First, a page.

According to the CDC, the average American woman is 26 years old when she delivers her first child. The same data tells us that, increasingly, women aged 35-39 are becoming pregnant for the first time. Our founder, Judy, is one of those women.
“I always knew I wanted children,” she says, very aware that a family was always part of her life plan. As Judy completed her PhD and worked to make a name for herself in the corporate world, it just took her awhile to find the right partner. She married her husband, Jacques, when she was 34 and they weren’t in a hurry to start their family at that point.
“When you’re a career woman, there’s never a great time to have a baby,” Judy says. “When you’re younger, you’re working hard to get ahead in your career. Once you’ve done that, well, then you’re working very hard, sometimes traveling.”
Judy stopped preventing pregnancy (stopped taking birth control pills) and became pregnant with her son, Javin, when she was 37.
Fellow Pittsburgher Daisy Miksch was 36 when her first son was born. She says, “My husband, Joe, and I didn’t meet each other until I was 34 and he was 38, so we knew that if we wanted to have children, it was time to try right away.”
Fertility was very present in Daisy’s thoughts when she was trying to conceive her first son. Now, pregnant with her second son, she says she worried about safe gestation and miscarriage. Moms like Judy and Daisy face rather unfriendly terminology during their pregnancies–“Advanced Maternal Aged” has morphed into “geriatric pregnancy”–but since both Judy and Daisy saw Certified Nurse Midwives for their pregnancies, they say their prenatal care for their pregnancies felt typical compared to what their younger friends experienced.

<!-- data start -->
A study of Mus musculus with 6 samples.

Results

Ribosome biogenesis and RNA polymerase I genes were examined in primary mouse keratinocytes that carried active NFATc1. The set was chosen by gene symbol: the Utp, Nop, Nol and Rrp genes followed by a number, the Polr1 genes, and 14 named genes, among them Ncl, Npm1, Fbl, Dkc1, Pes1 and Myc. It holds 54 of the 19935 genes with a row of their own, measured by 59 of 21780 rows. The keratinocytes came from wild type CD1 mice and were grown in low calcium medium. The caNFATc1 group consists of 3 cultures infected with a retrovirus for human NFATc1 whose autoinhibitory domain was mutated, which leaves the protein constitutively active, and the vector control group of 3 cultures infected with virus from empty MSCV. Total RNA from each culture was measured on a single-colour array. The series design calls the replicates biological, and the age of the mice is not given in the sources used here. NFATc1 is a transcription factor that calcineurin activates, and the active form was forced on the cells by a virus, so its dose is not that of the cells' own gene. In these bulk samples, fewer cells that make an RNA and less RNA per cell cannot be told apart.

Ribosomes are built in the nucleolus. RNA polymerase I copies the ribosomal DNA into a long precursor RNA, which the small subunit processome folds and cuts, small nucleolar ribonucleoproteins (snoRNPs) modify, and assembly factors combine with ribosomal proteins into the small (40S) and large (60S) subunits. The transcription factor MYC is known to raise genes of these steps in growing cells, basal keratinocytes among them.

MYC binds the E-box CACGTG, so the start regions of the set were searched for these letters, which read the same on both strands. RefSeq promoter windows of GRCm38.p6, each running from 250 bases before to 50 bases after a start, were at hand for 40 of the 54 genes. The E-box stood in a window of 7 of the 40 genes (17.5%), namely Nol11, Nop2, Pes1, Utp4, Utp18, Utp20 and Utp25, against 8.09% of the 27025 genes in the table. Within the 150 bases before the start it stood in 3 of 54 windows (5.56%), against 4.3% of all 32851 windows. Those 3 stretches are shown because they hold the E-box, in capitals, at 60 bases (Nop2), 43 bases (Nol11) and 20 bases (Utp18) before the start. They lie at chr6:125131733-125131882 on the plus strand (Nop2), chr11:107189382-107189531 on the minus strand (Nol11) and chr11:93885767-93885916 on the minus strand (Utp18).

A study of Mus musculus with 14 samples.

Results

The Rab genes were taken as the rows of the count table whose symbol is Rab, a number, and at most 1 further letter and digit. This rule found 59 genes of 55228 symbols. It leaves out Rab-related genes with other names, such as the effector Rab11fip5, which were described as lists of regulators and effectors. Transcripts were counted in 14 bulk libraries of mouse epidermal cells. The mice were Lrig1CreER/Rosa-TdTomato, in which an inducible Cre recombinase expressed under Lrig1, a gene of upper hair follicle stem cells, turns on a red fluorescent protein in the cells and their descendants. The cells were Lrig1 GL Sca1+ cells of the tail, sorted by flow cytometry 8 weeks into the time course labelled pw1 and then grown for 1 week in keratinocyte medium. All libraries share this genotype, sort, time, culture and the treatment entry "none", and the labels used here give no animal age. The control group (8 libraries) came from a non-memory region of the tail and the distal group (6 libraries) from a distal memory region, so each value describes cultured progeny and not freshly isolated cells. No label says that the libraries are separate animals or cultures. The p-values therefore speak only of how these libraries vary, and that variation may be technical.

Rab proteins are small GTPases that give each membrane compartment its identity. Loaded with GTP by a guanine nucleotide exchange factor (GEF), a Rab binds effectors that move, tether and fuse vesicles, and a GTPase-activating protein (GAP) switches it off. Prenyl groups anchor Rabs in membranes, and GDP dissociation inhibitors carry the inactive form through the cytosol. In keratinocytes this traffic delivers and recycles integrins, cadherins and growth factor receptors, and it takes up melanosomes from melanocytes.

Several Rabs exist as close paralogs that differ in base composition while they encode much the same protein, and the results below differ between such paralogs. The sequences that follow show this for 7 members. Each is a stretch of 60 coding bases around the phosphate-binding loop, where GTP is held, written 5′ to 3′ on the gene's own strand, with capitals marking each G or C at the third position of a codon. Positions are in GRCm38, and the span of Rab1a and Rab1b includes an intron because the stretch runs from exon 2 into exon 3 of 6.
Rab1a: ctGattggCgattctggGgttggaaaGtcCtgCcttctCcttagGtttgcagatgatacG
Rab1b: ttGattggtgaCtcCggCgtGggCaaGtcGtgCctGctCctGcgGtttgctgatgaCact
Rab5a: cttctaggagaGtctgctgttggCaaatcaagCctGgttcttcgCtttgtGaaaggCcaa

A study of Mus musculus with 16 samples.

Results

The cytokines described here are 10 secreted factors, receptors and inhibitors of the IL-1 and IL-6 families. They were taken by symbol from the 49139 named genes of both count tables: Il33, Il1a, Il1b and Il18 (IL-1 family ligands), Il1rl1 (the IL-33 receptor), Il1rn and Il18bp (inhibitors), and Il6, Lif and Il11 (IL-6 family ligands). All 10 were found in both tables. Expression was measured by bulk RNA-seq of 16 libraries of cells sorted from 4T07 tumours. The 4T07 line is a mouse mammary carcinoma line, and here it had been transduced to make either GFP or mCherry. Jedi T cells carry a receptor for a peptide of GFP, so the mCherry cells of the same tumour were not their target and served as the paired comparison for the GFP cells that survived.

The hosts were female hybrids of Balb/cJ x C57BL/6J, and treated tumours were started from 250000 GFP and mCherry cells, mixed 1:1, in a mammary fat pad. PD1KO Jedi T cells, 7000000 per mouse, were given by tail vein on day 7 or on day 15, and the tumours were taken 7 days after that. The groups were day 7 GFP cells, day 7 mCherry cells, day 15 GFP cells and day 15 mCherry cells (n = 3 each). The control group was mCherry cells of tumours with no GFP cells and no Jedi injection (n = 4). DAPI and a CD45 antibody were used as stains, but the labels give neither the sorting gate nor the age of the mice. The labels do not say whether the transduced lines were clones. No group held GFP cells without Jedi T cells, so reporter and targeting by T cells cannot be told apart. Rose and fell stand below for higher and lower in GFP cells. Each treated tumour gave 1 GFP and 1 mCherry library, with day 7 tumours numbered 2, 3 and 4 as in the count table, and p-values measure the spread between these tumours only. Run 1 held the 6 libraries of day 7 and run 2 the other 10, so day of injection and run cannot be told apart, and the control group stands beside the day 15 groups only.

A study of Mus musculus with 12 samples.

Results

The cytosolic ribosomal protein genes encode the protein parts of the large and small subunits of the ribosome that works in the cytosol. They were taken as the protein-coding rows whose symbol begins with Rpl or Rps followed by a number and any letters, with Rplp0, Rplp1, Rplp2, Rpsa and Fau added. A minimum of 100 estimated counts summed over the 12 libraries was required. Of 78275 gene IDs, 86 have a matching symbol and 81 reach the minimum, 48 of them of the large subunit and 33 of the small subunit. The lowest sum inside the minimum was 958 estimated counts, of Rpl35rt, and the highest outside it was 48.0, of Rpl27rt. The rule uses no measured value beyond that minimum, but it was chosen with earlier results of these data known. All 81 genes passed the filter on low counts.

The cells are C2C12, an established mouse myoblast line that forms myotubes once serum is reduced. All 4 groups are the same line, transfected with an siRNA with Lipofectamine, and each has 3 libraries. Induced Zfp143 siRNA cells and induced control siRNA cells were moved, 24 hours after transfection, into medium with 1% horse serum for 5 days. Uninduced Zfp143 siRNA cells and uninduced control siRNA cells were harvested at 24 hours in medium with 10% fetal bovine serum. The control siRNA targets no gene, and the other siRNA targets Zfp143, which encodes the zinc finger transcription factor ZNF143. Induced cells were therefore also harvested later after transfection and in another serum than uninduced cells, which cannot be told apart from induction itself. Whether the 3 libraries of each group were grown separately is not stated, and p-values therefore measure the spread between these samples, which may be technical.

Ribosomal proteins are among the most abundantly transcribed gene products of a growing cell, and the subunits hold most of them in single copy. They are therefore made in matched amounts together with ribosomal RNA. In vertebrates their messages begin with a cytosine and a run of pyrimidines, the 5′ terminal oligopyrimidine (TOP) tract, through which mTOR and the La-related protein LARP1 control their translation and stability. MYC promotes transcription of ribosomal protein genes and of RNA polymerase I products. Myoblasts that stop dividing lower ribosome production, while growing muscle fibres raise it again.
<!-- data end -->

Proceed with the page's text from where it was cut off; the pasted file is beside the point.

Daisy says, “The one possible exception is prenatal genetic testing, but Joe and I generally like to have all information available, so it’s highly likely that we’d have elected to proceed with that testing regardless of my age during pregnancy.”
Both women mention challenges with physical recovery from childbirth that may or may not have been related to their age, but emphasize that having young kids helps them feel young themselves. Judy, who originally hails from New England, was new to Pittsburgh when she started her family. She says, “All my friends are 10 years younger than me, so I feel 10 years younger than I am!”
Daisy agrees that her age does not seem to affect the friendships she’s made since having Jack. “My son’s age has played a role, but he and I both generally prefer a mixed-age environment. Some of my longtime friends have kids who are much older than Jack, and my newer parent friends are a mix of ‘old’ and ‘young.'”
Both Judy and Daisy talk about feeling very mentally prepared for motherhood as more experienced people. Judy says, “Jacques and I were also financially stable. We were able to take trips, owned our home, we were in a good position to start a family in that respect.”
In her 30s, Daisy felt confident knowing “a strong, healthy bond with your kid includes a compassionate, helpful relationship with your partner, and with yourself. You’re all in it together.”
Daisy says parenthood is always baffling, “but I’m more comfortable with being puzzled now than I would have been when I was younger, I think. I also really, really know, at this point in my life, that this is exactly what I want. This is the life I want, and I’m so happy to have it.”
Did you wait until your 30s to start your family? Leave us a comment to share your experiences.